Underwriters Laboratories (UL), a leading safety testing and certification organization, recently collaborated with the U.S. Department of Energy (DOE) to investigate safety issues concerning highly-concentrated ethanol-blended fuels. The overall goal of the research was to advance public knowledge about the long-term effects of ethanol on the components of E85 dispensers and the subsequent effects on fire safety. UL’s research findings have led it to establish safety requirements for E85 fuel dispensing equipment.
“UL’s research into the safety aspects of the equipment used to dispense high percentage ethanol-blended fuels was a significant undertaking that required the participation of government agencies such as the Department of Energy and the Environmental Protection Association (EPA), as well as technical experts in biofuels and material compatibility from around the world,” said Gus Schaefer, UL’s Public Safety Officer. “We took the need for E85 dispenser requirements very seriously due to the unique characteristics of ethanol-blended fuels and believe the potential issues we identified through our thorough process will help promote the efficient, effective delivery of E85 as safely as possible.”
Conducting the research involved collection of technical data, field studies of existing E85 installations in the United States and Brazil, analysis of material compatibility for dispenser components, and a co-sponsored technical forum with the DOE. The forum consisted of thirty-two national experts from automobile and petroleum companies, ethanol producers, dispenser and component manufacturers, industry associations, government agencies, and university researchers.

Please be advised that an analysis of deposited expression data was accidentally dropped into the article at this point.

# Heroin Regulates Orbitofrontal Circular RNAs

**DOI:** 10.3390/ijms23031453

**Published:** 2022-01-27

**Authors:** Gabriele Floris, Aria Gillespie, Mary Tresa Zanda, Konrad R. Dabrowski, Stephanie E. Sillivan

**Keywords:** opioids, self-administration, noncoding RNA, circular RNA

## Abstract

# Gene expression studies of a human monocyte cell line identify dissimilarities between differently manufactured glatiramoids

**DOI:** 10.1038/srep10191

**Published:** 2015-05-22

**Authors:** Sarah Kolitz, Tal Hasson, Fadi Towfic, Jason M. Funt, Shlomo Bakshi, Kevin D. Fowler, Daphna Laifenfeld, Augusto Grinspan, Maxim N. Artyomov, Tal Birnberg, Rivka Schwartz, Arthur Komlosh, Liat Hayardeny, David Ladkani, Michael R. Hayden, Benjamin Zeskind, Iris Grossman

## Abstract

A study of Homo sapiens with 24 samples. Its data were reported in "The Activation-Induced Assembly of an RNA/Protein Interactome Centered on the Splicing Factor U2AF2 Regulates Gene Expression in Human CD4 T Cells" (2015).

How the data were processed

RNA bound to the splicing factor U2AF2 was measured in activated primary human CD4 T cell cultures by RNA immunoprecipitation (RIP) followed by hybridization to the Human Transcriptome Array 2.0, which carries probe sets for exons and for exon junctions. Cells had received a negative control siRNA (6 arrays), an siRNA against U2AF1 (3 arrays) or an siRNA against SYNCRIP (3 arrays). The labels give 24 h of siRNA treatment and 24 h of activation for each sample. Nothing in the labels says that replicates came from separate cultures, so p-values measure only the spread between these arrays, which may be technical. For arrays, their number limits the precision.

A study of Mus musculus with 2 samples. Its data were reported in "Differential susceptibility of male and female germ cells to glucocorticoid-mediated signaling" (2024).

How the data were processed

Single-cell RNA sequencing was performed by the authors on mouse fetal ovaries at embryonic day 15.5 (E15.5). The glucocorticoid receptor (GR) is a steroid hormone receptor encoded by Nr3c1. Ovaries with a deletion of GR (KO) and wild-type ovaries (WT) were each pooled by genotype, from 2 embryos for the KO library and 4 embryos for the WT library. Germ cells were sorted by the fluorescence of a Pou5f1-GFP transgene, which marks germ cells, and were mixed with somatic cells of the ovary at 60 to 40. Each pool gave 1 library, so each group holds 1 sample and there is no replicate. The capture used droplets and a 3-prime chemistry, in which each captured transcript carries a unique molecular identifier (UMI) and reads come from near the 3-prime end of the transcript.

“The Department of Energy has been pleased to facilitate an efficient, focused, diligent, and collaborative effort with Underwriters Laboratories, EPA, and stakeholders. We are pleased with the outcome that offers predictability in planning and growth of E85 as it becomes a nationwide fueling option. A safe and reliable biofuels infrastructure is essential toward meeting President Bush’s goal of displacing 20 percent of gasoline consumption within a decade by commercializing cost-effective biofuels nationwide,” said Andy Karsner, U.S. Department of Energy Assistant Secretary for Energy Efficiency and Renewable Energy. “UL’s quick completion of test requirements will help expand the use of clean and abundant homegrown fuels to decrease our reliance on imported oil, increase our energy security, and benefit our environment.”
Go to www.ul.com for more information.